The rise of the robots continues following the development of an artificial intelligence capable of taking on, and beating, humans at the game of poker.
Or, at the very least, a computer program capable of deep enough strategic reasoning based on statistical analysis to be able to adapt and respond to human players at Poker, one of the most human of games.
It follows a BrainsVsAI tournament arranged by Carnegie Mellon University against four of the world's top poker pros. Dong Kim, Jason Les, Jimmy Chou and Daniel McAulay.
They took on Libratus (Latin for "balanced but forceful") at heads-up, no-limit Texas Hold'em in a follow-up tournament to one held in 2015, when the humans humiliated Libratus's predecessor, Claudico.
This time it was the humans who were not only humiliated, but even demoralised after losing $1.7m in fantasy chips (ie: not real money) to Libratus.
The AI was developed by Carnegie Mellon University professor of computer science Tuomas Sandholm who built Libratus with PhD student Noam Brown. "This challenge is so huge and complicated that it's been elusive to AI researchers until now," said Sandholm.
Unlike in conventional poker tournaments, every night the players shared tips and ideas about how they might defeat the computer, while Sandholm and Brown used a meta-algorithm to analyse the weaknesses that the poker pros had exploited in the AI's own game, and tweaked it accordingly.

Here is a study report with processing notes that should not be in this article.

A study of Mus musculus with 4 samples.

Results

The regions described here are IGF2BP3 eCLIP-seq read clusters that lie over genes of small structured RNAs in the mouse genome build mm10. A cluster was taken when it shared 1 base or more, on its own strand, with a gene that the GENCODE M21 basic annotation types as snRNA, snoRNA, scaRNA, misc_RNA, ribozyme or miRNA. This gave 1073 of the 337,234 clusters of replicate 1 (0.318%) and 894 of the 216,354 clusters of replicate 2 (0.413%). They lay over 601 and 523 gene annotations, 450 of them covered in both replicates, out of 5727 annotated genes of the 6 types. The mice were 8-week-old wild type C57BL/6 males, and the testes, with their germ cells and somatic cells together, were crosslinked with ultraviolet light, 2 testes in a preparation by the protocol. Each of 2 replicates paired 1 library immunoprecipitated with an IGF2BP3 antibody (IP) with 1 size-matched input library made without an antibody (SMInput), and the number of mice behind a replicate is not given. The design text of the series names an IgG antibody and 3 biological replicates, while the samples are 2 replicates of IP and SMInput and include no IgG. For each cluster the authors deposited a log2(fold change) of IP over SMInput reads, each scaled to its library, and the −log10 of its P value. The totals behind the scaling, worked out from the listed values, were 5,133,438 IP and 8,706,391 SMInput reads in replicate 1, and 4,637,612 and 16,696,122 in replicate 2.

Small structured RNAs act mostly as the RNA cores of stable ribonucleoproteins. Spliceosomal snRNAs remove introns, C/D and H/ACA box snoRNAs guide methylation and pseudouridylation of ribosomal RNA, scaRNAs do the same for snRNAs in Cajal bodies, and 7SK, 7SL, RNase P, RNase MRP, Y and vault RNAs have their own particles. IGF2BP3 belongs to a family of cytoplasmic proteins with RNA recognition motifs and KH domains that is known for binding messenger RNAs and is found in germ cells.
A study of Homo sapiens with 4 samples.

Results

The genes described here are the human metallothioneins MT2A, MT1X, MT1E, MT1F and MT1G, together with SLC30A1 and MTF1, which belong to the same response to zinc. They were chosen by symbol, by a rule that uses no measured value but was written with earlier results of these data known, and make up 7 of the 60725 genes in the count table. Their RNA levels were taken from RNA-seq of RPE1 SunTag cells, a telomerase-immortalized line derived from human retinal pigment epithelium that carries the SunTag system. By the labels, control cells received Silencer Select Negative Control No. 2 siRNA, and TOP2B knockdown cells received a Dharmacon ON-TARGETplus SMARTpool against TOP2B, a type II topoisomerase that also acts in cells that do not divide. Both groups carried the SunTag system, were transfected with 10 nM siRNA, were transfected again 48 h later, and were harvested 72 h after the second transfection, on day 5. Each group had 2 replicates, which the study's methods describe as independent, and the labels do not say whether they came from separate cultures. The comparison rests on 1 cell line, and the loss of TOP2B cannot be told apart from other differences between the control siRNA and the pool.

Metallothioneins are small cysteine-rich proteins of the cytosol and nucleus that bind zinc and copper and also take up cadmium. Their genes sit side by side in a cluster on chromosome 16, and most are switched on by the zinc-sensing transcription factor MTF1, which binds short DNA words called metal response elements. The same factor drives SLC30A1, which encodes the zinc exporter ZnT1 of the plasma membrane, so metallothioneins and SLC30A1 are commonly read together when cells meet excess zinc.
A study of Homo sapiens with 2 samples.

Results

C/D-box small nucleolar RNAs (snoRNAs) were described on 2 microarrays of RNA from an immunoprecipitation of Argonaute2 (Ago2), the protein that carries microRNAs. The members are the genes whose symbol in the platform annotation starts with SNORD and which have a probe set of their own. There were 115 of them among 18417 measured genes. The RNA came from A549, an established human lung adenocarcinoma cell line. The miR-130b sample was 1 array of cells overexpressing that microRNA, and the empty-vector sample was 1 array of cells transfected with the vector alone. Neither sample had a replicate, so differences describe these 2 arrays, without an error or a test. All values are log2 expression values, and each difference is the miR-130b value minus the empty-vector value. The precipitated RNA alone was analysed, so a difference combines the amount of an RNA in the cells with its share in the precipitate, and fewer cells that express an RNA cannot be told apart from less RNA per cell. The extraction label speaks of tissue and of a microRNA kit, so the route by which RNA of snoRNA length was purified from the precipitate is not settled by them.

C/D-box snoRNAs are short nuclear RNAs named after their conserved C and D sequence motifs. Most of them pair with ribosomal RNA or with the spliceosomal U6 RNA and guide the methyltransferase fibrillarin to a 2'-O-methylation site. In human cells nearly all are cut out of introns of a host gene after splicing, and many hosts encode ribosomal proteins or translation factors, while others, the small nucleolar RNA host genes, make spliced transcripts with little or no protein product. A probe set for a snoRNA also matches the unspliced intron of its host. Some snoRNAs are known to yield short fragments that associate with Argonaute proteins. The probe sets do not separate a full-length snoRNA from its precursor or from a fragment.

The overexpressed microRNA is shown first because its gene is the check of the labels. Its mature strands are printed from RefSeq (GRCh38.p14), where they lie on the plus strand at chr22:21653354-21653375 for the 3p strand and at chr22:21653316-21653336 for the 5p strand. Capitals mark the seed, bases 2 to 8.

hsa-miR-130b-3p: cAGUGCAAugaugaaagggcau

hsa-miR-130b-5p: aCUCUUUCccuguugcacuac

Nevertheless, Sandholm says that he wasn't confident that the AI would be able to crush the poker pros quite so easily.
Les had played Libratus's predecessor, Claudico, just two years earlier. Playing Libratus, though, turned out to be an entirely different experience. "Libratus turned out to be way better than we imagined," said Les. He told The Guardian: "If you play a human and lose, you can stop and take a break.
"Here we have to show up to take a beating every day for 11 hours a day. It's a real different emotional experience when you're not used to losing that often," said Les, who is probably now mulling alternative careers that AI won't be able to do for the time being.
While poker might seem like the ultimate human game, in that even if you have a poor hand you can bluff your way to a win, it is ultimately based on statistical analysis: the probability that one hand might be better than your opponents', and knowing when it's just best to fold.
What is key, though, said Sandholm, is the AI's ability "to do strategic reasoning with imperfect information" better than the sharpest humans.